Economists rule out green shoots of recovery
The beleaguered UK economy suffered its biggest contraction since 1958 in the first quarter of the year, according to revised figures.
Gross domestic product (GDP) growth - the official measure of economic health - fell by 2.4% between January and March, a significantly larger drop than the 1.9% initially estimated. Economists were expecting a revised drop of 2.1%.
Weaker output in the construction and service sectors led to the worst quarterly contraction for more than 50 years. Revised figures for activity in the construction sector, which accounts for almost three-quarters of output, meanwhile revealed the worst quarter on record with a 1.6% decline.
The latest contraction in GDP is close to the total loss in output seen in the 1990’s recession, according to David Page, economist at Investec Securities.
However, the Office for National Statistics (ONS) says the extremely large revision was partially due to changes in the methodology for calculating construction data services output. This contributed roughly 0.25% point to the revision.
Howard Archer, of IHS Global insight, says: “The deeper contraction in GDP in the first quarter is obviously unwelcome news, but it is also old news and matters have moved on appreciably since then."
Archer points out that economic activity is currently looking more positive.
Nonetheless, the figures deal a blow to government forecasts of economic recovery this year as they pull the annual rate of decline down from 4.1% to 4.9% - the largest decline since records began in 1948.
Economists at Capital Economics say the average GDP contraction in 2009 now looks to be 4% - or at the very least weaker than the 3.5% previously anticipated.
Chief European economist Jonathan Loynes explains: “The [latest] figures clearly leave an even weaker platform for growth this year."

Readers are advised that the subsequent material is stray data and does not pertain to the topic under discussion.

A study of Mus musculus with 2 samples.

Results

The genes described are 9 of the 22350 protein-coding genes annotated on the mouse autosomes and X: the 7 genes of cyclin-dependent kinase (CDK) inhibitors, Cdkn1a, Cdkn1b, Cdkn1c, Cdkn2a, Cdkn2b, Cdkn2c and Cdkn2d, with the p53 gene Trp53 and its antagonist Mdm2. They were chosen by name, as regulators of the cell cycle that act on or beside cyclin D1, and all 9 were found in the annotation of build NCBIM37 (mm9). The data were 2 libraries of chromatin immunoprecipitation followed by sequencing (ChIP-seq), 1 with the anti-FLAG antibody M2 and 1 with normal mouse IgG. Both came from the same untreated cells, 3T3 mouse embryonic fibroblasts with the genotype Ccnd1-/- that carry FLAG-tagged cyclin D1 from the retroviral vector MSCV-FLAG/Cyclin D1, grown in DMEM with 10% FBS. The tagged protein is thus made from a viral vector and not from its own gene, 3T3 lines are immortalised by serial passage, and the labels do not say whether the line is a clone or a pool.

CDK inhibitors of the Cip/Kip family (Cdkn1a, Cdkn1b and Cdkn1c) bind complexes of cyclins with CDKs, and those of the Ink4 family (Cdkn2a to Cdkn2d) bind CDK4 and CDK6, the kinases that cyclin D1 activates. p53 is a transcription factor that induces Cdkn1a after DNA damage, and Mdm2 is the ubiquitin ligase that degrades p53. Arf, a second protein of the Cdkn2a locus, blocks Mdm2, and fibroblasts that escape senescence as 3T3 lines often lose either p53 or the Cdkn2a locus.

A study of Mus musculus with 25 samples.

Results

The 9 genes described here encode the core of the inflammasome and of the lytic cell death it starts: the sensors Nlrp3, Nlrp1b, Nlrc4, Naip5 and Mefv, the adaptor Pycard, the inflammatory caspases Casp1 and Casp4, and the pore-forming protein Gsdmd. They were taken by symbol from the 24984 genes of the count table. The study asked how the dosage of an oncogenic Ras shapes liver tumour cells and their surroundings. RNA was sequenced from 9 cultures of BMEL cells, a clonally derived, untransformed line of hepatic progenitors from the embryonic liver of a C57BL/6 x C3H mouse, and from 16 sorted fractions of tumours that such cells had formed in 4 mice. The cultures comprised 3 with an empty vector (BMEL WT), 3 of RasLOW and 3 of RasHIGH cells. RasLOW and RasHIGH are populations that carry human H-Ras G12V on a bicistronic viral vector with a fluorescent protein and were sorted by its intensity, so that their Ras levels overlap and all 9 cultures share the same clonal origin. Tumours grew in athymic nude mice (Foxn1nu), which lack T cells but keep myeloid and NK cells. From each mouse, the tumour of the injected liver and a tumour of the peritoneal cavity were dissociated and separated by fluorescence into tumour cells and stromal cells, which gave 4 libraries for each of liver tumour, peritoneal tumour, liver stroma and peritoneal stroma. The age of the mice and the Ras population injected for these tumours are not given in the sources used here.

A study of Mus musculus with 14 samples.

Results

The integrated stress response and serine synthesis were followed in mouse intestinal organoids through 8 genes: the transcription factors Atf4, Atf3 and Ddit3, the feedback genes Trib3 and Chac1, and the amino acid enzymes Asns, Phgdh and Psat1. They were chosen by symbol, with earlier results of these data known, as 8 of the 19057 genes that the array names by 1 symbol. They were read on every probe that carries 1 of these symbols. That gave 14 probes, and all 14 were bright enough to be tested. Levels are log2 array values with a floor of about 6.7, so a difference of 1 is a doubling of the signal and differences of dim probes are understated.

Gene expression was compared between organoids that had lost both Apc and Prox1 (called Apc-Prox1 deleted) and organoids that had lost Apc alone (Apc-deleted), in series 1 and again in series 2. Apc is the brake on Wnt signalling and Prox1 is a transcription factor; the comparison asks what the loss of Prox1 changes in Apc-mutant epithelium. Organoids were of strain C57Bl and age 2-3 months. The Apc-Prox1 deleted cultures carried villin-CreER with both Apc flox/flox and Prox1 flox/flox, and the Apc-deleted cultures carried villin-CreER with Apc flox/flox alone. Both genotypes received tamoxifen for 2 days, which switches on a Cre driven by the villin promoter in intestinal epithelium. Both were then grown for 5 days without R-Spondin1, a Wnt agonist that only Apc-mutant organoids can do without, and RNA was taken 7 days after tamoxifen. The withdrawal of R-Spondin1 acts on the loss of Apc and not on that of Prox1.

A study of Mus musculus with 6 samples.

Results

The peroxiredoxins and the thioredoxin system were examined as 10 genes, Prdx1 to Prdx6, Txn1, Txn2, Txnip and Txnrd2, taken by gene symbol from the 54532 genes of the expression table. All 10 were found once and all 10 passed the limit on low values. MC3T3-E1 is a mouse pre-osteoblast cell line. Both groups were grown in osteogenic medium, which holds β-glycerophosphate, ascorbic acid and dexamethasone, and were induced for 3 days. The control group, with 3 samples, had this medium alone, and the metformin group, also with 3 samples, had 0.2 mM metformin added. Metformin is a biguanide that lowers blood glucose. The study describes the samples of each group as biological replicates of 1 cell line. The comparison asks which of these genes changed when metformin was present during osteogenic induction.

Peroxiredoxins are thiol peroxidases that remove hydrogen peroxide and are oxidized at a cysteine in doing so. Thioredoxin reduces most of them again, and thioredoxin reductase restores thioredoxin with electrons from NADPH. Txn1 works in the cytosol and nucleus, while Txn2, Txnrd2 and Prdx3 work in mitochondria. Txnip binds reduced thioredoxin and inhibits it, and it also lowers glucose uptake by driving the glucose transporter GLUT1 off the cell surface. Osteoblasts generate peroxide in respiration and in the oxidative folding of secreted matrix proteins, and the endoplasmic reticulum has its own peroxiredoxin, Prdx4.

Page adds: "We still forecast [economic] growth returning in the third quarter of this year. However, our total GDP forecast for 2009 is now down around 4% after these revisions."
In his April Budget, chancellor Alastair Darling forecast a 1.6% contraction in the UK economy during the first three months of the year. The Treasury also predicted that the UK would shrink by 3.5% this year before returning to growth of around 1.25% next year.
Those projections are increasingly looking overly optimistic. Last week the Organisation for Economic Co-operation and Development predicted that the UK economy would shrink by 4.3% this year with zero growth in 2010.
The ONS also says that the recession actually began in the second, rather than the third quarter of 2008. The struggling UK economy saw a 0.1% decline between April and June last year compared with previous estimates of zero growth.
Barclays Capital Research says the latest figures mean any recent 'green shoots' reflect a rebound from the sharp fall in activity seen last year rather than a recovery.
The total money value of all the finished goods and services produced in an economy in one year. It includes all consumer and government consumption, government spending and borrowing, investments and exports (minus imports) and is taken as a guide to a nation’s economic health and financial well being. However, some economists feel GDP is inaccurate because it fails to measure the changes in a nation's standard of living, unpaid labour, savings and inflationary price changes (such as housing booms and stockmarket increases).